Investments  

Five key issues which should frame your vote

3. Subsidising inequality.

Perhaps the most bitter pill to swallow about public spending is that it subsidises inequality.


This is a poor use of public money and we must move towards a situation where rents are within reach for most and a ‘living’ wage means working really does pay.

4. Property market excesses.

This is our least startling revelation: the property market is bonkers. Prices are too high, increasingly out of the reach of the average earner, and are ultimately unsustainable.

The average house price has more than quadrupled from £65,000 twenty years’ ago to £267,000 now, meaning it is now 10 times average annual earnings. In London it is closer to half a million pounds and around 17 times the average annual income.

The market has come to be dominated by speculators, not least buy-to-let investors who have acquired more than eight in 10 new builds completed over the past decade and more, and who benefit from £5bn in tax relief on interest.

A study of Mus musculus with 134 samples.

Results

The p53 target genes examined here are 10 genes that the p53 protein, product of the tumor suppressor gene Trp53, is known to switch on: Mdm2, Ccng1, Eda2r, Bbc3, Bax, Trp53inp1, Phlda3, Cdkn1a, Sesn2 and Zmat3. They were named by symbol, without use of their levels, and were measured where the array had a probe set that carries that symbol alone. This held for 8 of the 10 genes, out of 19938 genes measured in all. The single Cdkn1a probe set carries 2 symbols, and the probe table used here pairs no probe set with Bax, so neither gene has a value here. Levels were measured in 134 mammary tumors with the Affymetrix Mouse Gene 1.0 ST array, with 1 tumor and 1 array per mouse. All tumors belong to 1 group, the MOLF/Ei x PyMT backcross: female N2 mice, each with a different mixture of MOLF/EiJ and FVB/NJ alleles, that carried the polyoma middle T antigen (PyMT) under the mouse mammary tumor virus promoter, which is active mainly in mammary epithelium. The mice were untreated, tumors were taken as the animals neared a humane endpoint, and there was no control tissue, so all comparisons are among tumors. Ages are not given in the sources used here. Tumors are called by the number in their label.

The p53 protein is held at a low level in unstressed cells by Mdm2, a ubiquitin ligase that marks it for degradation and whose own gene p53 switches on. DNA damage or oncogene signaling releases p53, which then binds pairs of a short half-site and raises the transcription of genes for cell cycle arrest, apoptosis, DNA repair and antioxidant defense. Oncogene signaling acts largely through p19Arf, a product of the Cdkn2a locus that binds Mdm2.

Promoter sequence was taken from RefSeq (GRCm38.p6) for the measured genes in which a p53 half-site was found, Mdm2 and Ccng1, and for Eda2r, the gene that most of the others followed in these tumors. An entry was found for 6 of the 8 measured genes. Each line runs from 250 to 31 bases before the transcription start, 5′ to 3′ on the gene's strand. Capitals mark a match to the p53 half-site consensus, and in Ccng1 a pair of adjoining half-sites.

It is positive that more homes will be built by whoever is in government, but talk is cheap. Alongside these supply-side reforms, politicians must begin to address the demand side of the equation with measures that do not simply equate to further stimulus.

5. Immigration and Europe.

Most people in the know suggest we have done well out of Europe and that it has been a force for good in the continent. That is has become bloated and sclerotic is beyond doubt, but any debate on our future must be balanced and the positives properly acknowledged.

Similar soundings are made over immigration and, again, we should attempt to build a fully rounded picture on how this affects the UK rather than giving in to fear over abstract numbers. We should also not forget our basic humanity.

We will eventually have a referendum on Europe, either in two years or when a treaty change to fix the eurozone triggers one anyway. This is democratic. Those advocating to remain within the EU’s lucrative market must find a way of re-framing the debate.